5 myths about mercury in Madre de Dios
A new study found unsafe amounts of mercury in fish and people in Puerto Maldonado, the capital of Peru’s southeastern Madre de Dios Region. Average mercury levels in nine of the 15 most commonly consumed fish species were above the limit recommended by the U.S. Environmental Protection Agency. Farmed fish had the lowest levels, according to Luis Fernández of the Carnegie Institution for Science’s Global Ecology Program at Stanford University in the United States, who led the study.
Seventy-eight percent of adults tested in Puerto Maldonado had levels that were more than twice the recommended limit for humans. The highest levels – three times the recommended threshold – were found in women of childbearing age. That is especially alarming, because mercury can damage the developing fetus’ neurological system.
In a way, the results are not a surprise – accumulation of mercury from unregulated gold mining in waterways in Madre de Dios has been widely reported in recent years. But this is the most comprehensive study so far of the impact on fish and the humans who eat them, and it paints a stark picture that is hard to ignore. The study also busts some myths I’ve heard about mercury exposure in Madre de Dios:
Myth 1: All this talk about mercury exposure is just a way for environmentalists to demonize small-scale and artisanal mining.
Wrong. This is science, not lobbying. There is plenty of scientific and medical evidence of how mercury gets into the food chain and its harmful impact on the nervous system, especially of fetuses and children. Smaller studies in Peru, by the Ministry of Production, Ministry of the Environment and CENSOPAS, have also found mercury in the food chain, but this is the largest study so far. Fernández is a tropical ecologist who has studied the impacts of gold mining in both Brazil and Peru. The study was covers both urban and rural areas, and includes fish sold in markets and caught in the wild.
Myth 2: If I don’t live in a mining camp, I’m not exposed to mercury.
Don’t bet on it. If you eat mota, zúngaro, puma zúngaro, doncella, chambira or several other popular fish sold in markets in Puerto Maldonado, you are absorbing high quantities of mercury. Amazonian fish migrate up and down the rivers, so a fish caught far from a mining camp could still test high for mercury.
Myth 3: Fish aren’t really a problem, because most miners are from the highlands and don’t eat a lot of fish, and people in the city mainly eat farmed fish.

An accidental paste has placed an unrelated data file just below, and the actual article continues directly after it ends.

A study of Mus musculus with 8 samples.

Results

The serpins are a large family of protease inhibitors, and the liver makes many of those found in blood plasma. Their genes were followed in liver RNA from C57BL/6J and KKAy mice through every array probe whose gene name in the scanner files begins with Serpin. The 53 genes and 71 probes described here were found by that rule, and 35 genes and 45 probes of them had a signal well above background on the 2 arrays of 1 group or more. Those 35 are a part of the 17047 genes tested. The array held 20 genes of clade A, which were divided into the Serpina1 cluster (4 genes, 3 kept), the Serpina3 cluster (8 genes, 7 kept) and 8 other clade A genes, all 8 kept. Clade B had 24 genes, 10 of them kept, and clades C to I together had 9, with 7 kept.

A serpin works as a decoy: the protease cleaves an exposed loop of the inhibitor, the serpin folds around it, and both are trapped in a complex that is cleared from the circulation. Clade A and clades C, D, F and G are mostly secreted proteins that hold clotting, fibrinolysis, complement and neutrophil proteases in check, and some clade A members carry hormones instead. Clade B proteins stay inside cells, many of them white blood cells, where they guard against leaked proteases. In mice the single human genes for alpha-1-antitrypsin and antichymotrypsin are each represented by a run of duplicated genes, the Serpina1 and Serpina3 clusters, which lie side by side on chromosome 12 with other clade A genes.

Not true. In this study, 92 percent of the people interviewed said they consumed fish regularly. Two-thirds said they consumed at least one high-mercury fish species every week, and 25 percent listed two or more of the high-mercury species among their three favorite fish. The farmed fish that are lowest in mercury are not necessarily people’s favorites.
Myth 4: I don’t eat fish, so I’m not at risk of mercury exposure.
Not necessarily. The study found mercury even in the hair of some people who said they did not eat fish. The researchers suspect that exposure comes from emissions from gold shops, which heat gold to vaporize any remaining mercury before weighing it to determine the purchase price. Many shops have inadequate filter systems or none at all. Fernández was part of a team that measured emissions from gold shops and introduced a simple filter that can drastically reduce mercury emissions.
Myth 5: All this talk about mercury is exaggerated – I’ve eaten fish or worked around the mines for years and am perfectly healthy.
That’s not the point. Doctors don’t question mercury’s toxic effect on the neurological system. Visible symptoms come with acute exposure, but lower levels also do lasting damage. Mercury has also been linked to cardiovascular and kidney problems. The real tragedy in Madre de Dios and other areas where miners and local residents are exposed to mercury is that the problem is ignored because the symptoms are not obvious. Children, who are at especially high risk, will only be protected if adults take action.
So what should be done? A long-term, intensive public information campaign is needed in rural and urban areas, so people know which fish are safe to eat and which are not. This could have a serious impact on the fishing industry in Madre de Dios, so fishing families will need help to develop alternative sources of income.
The short-term economic impacts could be considerable, but the long-term impacts – in increased health care, lost work and lost years of life – may be even greater. And there is a serious ethical issue: as long as authorities, miners and other citizens fail to reduce mercury exposure, children’s lives are at stake.